The Romanian name for Christmas Day is “Craciun”. It’s generally a peaceful family day like everywhere in the world. But that doesn’t mean we don’t have specific traditions. Much more then traditional lunch.
Early in the morning little boys come with “The Star”. They announce the star is up and shinning and the blessed baby will come soon.
Then we put our festive clothes on and we go to the church to listen to little Jesus story from the priest’s mouth. We sing lots of Christmas carols together with church’s chorus. The air is full of pace and happiness. On the way back home we are so quiet. Cause our thoughts are far away in time. We are thinking to little Jesus and his wonderful mother.
Grandpa opens the lunch with blessing. He blesses the food and all the family members. And by “all” I mean those alive as well as those gone. Popular belief is that on Christmas Day all our forefathers’ souls come at our table and eat and drink with us. A plate with food and a glass of wine is always waiting for them on our table.
We have a couple of hours to rest. But children don’t have peace. They stay with their little noses glued on the window pane. They know. Those young men called “Irozii” have to arrive. It’s a popular sketch they love so much.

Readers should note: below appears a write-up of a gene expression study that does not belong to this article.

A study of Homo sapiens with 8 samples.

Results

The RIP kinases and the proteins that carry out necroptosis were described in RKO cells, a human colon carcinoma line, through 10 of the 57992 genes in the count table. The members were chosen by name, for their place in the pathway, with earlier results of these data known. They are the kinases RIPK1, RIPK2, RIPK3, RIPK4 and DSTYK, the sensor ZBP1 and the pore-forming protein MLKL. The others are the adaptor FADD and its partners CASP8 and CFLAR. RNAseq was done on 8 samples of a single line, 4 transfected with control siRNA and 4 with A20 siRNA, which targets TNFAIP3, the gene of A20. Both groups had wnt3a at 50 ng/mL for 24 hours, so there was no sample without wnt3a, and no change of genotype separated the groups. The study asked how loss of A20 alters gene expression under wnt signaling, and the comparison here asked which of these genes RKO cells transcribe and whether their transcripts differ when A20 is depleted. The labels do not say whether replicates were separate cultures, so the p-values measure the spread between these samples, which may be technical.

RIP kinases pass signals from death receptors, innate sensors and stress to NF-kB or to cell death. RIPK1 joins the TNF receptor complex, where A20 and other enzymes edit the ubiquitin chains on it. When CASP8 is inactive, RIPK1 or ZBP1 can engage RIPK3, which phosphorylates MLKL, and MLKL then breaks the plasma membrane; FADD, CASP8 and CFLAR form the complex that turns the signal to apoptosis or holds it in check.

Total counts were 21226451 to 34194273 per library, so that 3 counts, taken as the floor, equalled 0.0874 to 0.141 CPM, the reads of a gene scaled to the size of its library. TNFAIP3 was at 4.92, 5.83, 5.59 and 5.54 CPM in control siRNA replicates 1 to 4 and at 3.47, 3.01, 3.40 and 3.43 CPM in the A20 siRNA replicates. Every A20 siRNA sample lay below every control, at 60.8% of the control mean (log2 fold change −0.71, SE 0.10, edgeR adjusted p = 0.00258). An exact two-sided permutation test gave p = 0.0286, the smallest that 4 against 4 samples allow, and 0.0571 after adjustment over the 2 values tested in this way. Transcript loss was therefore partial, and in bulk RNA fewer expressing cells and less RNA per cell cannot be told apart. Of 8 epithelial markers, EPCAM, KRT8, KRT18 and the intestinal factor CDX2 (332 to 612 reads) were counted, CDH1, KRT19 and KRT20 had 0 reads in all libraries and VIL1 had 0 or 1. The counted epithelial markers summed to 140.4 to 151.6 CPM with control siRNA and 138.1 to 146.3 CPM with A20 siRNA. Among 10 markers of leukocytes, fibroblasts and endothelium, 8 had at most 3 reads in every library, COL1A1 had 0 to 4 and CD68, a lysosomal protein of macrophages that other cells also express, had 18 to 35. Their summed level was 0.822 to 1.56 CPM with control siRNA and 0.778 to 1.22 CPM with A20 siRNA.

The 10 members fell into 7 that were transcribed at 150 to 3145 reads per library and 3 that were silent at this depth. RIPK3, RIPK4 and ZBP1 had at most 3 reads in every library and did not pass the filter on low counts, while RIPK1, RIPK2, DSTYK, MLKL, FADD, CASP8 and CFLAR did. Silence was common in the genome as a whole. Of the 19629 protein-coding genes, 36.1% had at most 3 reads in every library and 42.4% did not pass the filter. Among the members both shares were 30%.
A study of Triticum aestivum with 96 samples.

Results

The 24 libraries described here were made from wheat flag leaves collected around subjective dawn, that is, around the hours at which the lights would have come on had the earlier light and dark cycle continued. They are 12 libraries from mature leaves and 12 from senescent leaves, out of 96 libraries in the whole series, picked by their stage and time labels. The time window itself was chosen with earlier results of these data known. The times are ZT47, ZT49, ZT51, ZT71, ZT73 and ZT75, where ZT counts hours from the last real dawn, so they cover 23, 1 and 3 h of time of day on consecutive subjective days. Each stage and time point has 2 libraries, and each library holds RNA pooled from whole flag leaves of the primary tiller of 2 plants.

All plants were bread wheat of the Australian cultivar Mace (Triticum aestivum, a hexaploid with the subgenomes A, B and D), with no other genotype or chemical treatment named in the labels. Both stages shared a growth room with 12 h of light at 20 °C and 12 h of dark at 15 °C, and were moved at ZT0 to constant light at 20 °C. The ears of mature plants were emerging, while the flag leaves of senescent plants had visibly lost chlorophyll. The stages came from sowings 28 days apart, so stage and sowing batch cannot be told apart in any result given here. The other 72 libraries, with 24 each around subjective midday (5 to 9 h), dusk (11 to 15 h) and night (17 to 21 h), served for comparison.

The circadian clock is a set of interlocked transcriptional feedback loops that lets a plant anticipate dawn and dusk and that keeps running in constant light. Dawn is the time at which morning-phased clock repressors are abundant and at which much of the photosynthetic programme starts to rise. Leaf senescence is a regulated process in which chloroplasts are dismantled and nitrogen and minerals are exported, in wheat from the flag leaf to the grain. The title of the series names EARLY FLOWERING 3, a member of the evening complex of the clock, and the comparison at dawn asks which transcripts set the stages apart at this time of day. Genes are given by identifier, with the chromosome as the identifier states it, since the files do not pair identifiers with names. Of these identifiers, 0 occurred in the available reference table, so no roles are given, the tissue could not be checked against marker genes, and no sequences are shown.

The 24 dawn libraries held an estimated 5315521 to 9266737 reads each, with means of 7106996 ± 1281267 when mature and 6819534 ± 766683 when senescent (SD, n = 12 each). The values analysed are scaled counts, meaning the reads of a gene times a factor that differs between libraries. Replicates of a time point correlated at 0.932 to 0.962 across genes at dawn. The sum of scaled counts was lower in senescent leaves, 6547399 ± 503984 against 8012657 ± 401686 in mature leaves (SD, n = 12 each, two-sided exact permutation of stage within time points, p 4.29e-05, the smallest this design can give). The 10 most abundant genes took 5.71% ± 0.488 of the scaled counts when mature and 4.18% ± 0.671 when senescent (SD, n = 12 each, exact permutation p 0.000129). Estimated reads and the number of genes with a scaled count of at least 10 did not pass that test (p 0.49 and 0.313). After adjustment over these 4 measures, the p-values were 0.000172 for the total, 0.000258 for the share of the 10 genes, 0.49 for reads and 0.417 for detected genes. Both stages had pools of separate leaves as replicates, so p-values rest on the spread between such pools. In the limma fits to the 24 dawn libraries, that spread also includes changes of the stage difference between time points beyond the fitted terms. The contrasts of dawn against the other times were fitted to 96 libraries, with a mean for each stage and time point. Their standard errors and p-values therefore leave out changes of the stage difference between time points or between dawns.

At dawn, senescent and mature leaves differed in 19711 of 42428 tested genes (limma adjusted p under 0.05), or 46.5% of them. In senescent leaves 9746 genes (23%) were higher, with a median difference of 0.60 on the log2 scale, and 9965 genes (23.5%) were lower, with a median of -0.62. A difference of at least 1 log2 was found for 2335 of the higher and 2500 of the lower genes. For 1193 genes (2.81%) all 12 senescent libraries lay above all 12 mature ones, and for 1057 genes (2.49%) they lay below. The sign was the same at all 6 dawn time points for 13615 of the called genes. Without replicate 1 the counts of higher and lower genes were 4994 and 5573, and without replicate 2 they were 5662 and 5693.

In the evening the entire family gather near the fire. We sing Christmas carols again. We love to allow our grandparents sing old, less popular carols. We sing together so we can learn those beautiful carols.
We learn them and keep them as a treasure for our children and grandchildren.
After the children are asleep the adults start a new carol trail to relatives and friends.
More customs and some superstitions? Of course they are. Not so many as in the other holidays because the Christian side of Romanians put its stamp on this day.
The belief that family ancestors’ spirits rise and stay with us on Christmas Day is still alive among the Romanian villagers, especially the elderly. And they are going to be honoured by sharing food and drink with them.
There is also another belief that sun (it’s time of winter solstice) has to be helped to revive. That’s why people light a big fire in the dawns of the Christmas Day.
There is a custom in the same spirit in Banat. It’s called “wheels of fire”. Young people of village put fire on old broken cart’s wheels in the morning of the Christmas Day. They have to roll those fired wheels down the hill. And they must follow their own wheels and keep rolling them till the base of the hill. It’s a real challenge.